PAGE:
Saturday February 25
Yesterday I tried to drive out to Freshwater to watch the sunset. Freshwater is a beautiful little town on the coast. A rugged road takes you there – to the place where Tennyson used to live.
It’s about 20 miles from where I’m staying and usually a stunning drive. But yesterday was grey and the mist grew heavier as I got closer to the town. In the end I turned back. I couldn’t see a few feet ahead, let alone the incredible view that I knew surrounded me.
Wherever I go here, my Nana’s state of mind is never far from my thoughts. The way it was when she died. The whole island could be a metaphor for that. I see maps of the island everywhere. On postcards, tourist leaflets, even a 3D version in a little paddling pool on Ventnor front. I keep imagining it is a picture of the human brain. Nana’s brain actually. All the little roads and towns are times in her life, trains of thoughts, events.
Today I attempted the drive again. This time the sun was high and the view stretched out in front of me. On a day like this, I defy you not to lose your breath as you look out over Tennyson Downs and Freshwater Bay.
The landscape is rugged and wild; a far cry from the close-by seafront towns with modern arcades and faded attractions. Here, on this road, it seems the same as it always was. But as you go on, you notice bits of the road that are crumbling under the weight of time and a viewing point that has half slipped into the sea.
I stopped by the road to photograph the scene. The sun was dark orange as it set, like an egg yolk slowly being swallowed by the sea. It reflected on the water and offered atmospheric light to the inhabitants of the nearby rock pools. I wanted to stay there.
As it disappeared, I drove through the dusk to Tennyson’s town. There was a hazy light over the downs. Some boys were playing rugby on the grass, their silhouettes dancing against the last of the sunlight. Running and laughing where Tennyson once walked.
Some people have asked me why I love the Isle of Wight. Some who have actually been here but only seen a small part of it. When I tell them about the beauty of the landscape and the way the sun sets on the sea, they nod but seem cynical, as if I have a sentimental view of the place because I’ve spent so many happy times here. It reminds me of the way people used to talk about Nana. The doctors or the staff in the home she was in right at the end. I tried to tell them that she had been sparkly and intelligent and funny, hilarious sometimes. That she had seen a lot. They nodded and attempted to understand, but to them she was just another ill old lady with little hope. And I was just another granddaughter with sentimental views of her old Nana.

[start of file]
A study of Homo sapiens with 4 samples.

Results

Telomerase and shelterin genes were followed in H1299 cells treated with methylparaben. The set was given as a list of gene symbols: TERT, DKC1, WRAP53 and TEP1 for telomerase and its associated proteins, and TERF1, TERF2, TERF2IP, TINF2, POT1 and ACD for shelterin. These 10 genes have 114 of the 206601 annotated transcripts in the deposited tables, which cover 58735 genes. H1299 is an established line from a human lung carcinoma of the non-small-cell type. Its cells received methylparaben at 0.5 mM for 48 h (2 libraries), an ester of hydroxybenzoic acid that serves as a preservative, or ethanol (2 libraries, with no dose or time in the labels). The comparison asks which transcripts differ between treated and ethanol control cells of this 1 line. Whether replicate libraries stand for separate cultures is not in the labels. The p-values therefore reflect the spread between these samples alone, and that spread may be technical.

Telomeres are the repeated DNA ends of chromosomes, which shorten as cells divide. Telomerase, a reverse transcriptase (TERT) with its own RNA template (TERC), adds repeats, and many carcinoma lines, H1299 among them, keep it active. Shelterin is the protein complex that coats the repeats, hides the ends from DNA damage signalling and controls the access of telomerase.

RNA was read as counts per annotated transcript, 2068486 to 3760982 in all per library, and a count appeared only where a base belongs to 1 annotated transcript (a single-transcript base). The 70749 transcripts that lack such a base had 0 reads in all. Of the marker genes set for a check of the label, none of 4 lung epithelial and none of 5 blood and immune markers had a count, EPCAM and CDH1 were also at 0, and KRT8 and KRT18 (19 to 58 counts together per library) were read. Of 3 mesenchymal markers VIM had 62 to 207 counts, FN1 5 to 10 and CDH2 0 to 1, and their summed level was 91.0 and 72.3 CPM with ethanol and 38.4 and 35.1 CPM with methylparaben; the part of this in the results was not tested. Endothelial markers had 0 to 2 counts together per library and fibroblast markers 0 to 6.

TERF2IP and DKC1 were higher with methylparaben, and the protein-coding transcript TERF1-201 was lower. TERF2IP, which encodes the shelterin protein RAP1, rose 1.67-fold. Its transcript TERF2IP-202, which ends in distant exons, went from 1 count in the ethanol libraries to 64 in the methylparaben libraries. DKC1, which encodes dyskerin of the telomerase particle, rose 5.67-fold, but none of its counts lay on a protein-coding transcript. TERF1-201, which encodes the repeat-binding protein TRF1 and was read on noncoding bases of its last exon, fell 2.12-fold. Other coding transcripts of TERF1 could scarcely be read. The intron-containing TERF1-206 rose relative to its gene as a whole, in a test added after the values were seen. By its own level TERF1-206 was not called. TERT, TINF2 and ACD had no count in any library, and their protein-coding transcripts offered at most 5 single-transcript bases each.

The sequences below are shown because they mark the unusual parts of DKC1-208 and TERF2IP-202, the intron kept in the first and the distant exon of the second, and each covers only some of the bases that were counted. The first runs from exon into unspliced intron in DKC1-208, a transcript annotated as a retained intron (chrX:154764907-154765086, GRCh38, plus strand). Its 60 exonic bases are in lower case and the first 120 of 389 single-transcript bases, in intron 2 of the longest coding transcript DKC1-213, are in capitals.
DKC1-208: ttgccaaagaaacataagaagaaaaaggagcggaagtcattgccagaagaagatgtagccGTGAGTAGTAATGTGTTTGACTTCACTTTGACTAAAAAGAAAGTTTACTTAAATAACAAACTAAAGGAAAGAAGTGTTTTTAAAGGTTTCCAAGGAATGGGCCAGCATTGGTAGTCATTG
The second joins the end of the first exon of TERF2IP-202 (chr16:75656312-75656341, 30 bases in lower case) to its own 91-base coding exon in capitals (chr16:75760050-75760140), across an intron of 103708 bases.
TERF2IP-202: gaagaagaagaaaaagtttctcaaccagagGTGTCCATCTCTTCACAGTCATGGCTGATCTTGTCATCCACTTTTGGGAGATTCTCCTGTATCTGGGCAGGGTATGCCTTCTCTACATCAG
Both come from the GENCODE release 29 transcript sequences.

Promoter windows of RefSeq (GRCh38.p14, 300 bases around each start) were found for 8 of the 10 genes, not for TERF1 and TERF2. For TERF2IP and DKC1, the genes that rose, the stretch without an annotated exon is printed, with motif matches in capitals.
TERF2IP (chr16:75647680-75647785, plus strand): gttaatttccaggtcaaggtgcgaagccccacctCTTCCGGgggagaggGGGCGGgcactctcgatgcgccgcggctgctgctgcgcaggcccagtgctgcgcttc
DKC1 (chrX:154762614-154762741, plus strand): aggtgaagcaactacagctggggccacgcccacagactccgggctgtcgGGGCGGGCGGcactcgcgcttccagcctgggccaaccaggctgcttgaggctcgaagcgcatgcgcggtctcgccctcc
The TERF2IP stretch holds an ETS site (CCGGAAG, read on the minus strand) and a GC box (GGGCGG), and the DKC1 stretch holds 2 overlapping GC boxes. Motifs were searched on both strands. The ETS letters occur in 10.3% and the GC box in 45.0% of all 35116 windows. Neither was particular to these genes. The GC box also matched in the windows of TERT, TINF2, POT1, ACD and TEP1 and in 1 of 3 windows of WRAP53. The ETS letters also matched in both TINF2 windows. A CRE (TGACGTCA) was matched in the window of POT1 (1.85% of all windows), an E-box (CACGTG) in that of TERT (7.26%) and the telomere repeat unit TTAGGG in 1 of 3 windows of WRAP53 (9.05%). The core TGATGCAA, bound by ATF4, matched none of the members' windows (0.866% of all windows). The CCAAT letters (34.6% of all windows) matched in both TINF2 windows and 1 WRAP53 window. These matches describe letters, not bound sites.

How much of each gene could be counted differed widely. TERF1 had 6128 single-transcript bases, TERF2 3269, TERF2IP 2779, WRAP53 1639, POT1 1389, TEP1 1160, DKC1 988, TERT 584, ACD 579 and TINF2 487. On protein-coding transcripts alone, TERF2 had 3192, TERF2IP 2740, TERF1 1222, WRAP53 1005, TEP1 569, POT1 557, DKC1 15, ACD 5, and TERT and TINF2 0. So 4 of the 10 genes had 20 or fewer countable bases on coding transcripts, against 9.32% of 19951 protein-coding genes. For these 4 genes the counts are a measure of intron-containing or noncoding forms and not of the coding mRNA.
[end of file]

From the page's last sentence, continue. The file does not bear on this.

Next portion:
Driving back to Ventnor, it was pitch black. The view was shrouded in a blanket of darkness, lit only by a picturebook moon and lots of tiny bright stars. If I had just landed there, on that road at that moment, I wouldn’t have known that the sea was lapping at my heels or that lush green downs were sloping towards me.
It was difficult driving in the dark on such a windy road, hitting corners and having to slow right down. Sometimes another vehicle would appear up ahead, full beam headlights shining in my eyes, and I’d have to hold on tight and keep my nerve as I passed, my little car clinging to the crumbling road.
I remembered Nana, a couple of years before she died, when her memory was bad. We’d go and visit and make small talk about everything and nothing. Someone might tell her that her sister Lily had been asking after her and she’d say, ‘who?’ and look completely confused. They’d say, ‘Lily, your sister, you remember.’ She didn’t remember. And suddenly she’d look scared. Like she knew she should recall this person. She’d sit, rubbing her head, while everyone waited for a flicker of recognition or something that would suggest the reality wasn’t quite as bad as it seemed. It was like those bright headlights were being shone in her face. Eventually she’d say, ‘oh yes, Lily,’ and then she’d change the subject or break into a little song. I’m not sure what she remembered really. Lily was definitely there, somewhere, in her head. But she was probably a child, playing in their little family house, not an 89 year old woman with white hair and a nose just like Nana’s.
People say ‘focus on the good times’ and ‘take comfort in the memories’ and ‘it doesn’t do to dwell.’ The good times will always be there, for as long as my memory holds out. But at the moment, I don’t want to forget the Nana that was terrified of not knowing anymore. I played along when she pretended because I thought it helped her. To preserve her pride or something stupid like that. But I wonder if she wanted me to say, ‘I know, Nana. I know you are scared. I know you don’t remember who that person is. You don’t need to pretend. I am scared too.’
I never did. But I’m still not sure she would have wanted me to. Pretending helped her hold onto something, I think. And she was always Nana, right until the end.
Find out more about my Making Tracks project – Finding Nana.